The New Mexico Bingo and Raffle Act (BR Act) authorizes and regulates specific games of chance by licensed nonprofit organizations. Charitable gaming includes bingo, pull-tabs, lotteries, sweepstakes and raffles. Electronic bingo machines and video pull-tabs are not permitted. New Mexico also allows slot machines to be licensed to certain nonprofit organizations. Slot machines are regulated by the Gambling Control Board (GCB) of New Mexico.

Only qualified nonprofit organizations may conduct games of chance as defined by the BR Act. Eligible organizations include chartered branches, lodges or chapters of national or state organizations or any bona fide nonprofit religious, charitable, environmental, fraternal, educational or veterans organization that has been in existence and operating in New Mexico for two years. To qualify, organizations are not required to have the federal designation of nonprofit and may use other means as proof of nonprofit status.

Qualified nonprofit organizations apply to the GCB for all games of chance licenses. The GCB issues three types of licenses: a bingo license to conduct bingo, raffles or pull-tab games; a distributor's license; and a manufacturer's license. The fee for each of these is $500 for the initial license and $500 for each renewal. Licenses are valid for three years.

The GCB also issues permits for nonprofit organization employees: a bingo manager, a bingo caller and any other bingo employee position deemed necessary by the GCB. The fee for these permits is $75 for the initial permit and $75 for each renewal.

The New Mexico State Fair may also apply for a bingo license to conduct games of chance at the state fairgrounds while the state fair is open. The fee for this special license is $100 annually. A qualified organization may only conduct a raffle at the state fairgrounds after obtaining prior approval of the State Fair Commission and the GCB.

The combined value of all prizes offered in all bingo games played on a single occasion cannot exceed $2,500. A bingo licensee may conduct up to 260 occasions in a 12-month period. Sessions are limited to four hours. A licensee may not hold more than three occasions in one day and six in one week. Merchandise prizes awarded in a bingo game, raffle or pull-tabs game are valued at their current retail price. Merchandise prizes are not redeemable for cash. There is also a bingo and raffle tax of .005% of the gross receipts of any game of chance.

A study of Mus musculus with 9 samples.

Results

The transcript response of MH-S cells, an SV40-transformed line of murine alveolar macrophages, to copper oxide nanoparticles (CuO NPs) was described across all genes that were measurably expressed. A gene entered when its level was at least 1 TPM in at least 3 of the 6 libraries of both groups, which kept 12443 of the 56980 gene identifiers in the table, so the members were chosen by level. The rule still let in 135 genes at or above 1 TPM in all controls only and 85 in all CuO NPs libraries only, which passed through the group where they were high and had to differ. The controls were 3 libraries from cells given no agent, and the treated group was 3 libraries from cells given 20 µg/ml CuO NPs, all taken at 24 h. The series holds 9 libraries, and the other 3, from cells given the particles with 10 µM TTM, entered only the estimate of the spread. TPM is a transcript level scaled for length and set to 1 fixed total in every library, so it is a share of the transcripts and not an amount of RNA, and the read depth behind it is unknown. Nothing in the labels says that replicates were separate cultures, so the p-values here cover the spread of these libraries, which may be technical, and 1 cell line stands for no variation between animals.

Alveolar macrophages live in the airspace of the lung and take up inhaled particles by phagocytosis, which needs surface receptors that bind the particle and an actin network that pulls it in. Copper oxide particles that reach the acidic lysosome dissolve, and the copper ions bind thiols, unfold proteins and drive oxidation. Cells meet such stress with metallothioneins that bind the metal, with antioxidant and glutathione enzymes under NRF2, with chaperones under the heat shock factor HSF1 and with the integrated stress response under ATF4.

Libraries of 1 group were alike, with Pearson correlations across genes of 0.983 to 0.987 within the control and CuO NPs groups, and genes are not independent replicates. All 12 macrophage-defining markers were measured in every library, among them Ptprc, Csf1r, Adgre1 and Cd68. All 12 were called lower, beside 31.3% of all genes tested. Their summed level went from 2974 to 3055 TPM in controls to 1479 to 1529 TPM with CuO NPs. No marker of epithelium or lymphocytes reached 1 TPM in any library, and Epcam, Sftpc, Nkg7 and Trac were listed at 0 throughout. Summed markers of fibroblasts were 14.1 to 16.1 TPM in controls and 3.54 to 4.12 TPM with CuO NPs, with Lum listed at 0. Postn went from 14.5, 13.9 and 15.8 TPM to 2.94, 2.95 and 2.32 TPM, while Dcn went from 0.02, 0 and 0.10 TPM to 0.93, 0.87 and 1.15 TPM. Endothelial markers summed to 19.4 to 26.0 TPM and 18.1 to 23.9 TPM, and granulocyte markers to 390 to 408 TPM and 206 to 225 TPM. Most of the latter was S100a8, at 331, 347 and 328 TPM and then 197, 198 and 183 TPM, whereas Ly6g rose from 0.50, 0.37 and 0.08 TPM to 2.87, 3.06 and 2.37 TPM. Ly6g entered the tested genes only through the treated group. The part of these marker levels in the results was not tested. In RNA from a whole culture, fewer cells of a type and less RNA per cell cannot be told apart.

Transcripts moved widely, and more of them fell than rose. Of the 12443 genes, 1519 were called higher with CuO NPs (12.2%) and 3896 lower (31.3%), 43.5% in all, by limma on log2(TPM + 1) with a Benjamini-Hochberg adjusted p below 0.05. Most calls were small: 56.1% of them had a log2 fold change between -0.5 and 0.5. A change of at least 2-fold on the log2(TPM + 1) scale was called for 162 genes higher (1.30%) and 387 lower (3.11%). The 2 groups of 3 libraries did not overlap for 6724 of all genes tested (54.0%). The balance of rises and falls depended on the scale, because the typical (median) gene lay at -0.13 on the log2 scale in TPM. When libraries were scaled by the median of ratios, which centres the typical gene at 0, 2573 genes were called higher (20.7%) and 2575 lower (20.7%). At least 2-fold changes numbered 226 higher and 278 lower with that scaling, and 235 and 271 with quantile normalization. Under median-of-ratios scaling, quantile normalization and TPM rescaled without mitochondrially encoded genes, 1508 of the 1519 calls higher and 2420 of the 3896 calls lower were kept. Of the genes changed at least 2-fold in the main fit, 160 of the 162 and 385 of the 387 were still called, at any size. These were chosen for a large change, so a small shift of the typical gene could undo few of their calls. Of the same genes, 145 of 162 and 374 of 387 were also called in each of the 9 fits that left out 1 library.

A license to hold a raffle is only needed if a qualified organization plans to hold more than one raffle or bingo game each quarter or four in one year. A qualified organization may raffle anything that does not require a license to distribute, such as alcohol and firearms. If the raffle prize is valued at more than $75,000, the organization must notify the GCB at least 10 days before selling raffle tickets.

Qualified veterans and fraternal nonprofit organizations may apply for a gaming operator license, which entitles the club to operate up to 15 gaming machines. Only members of the club may play the machines. Profits from the games must be used for charitable purposes supported by the organization. These licensees are required to pay 10% of net take to the state in gaming taxes. The tax revenue is used to support the clubs and their communities and as additional revenue for the state's general fund.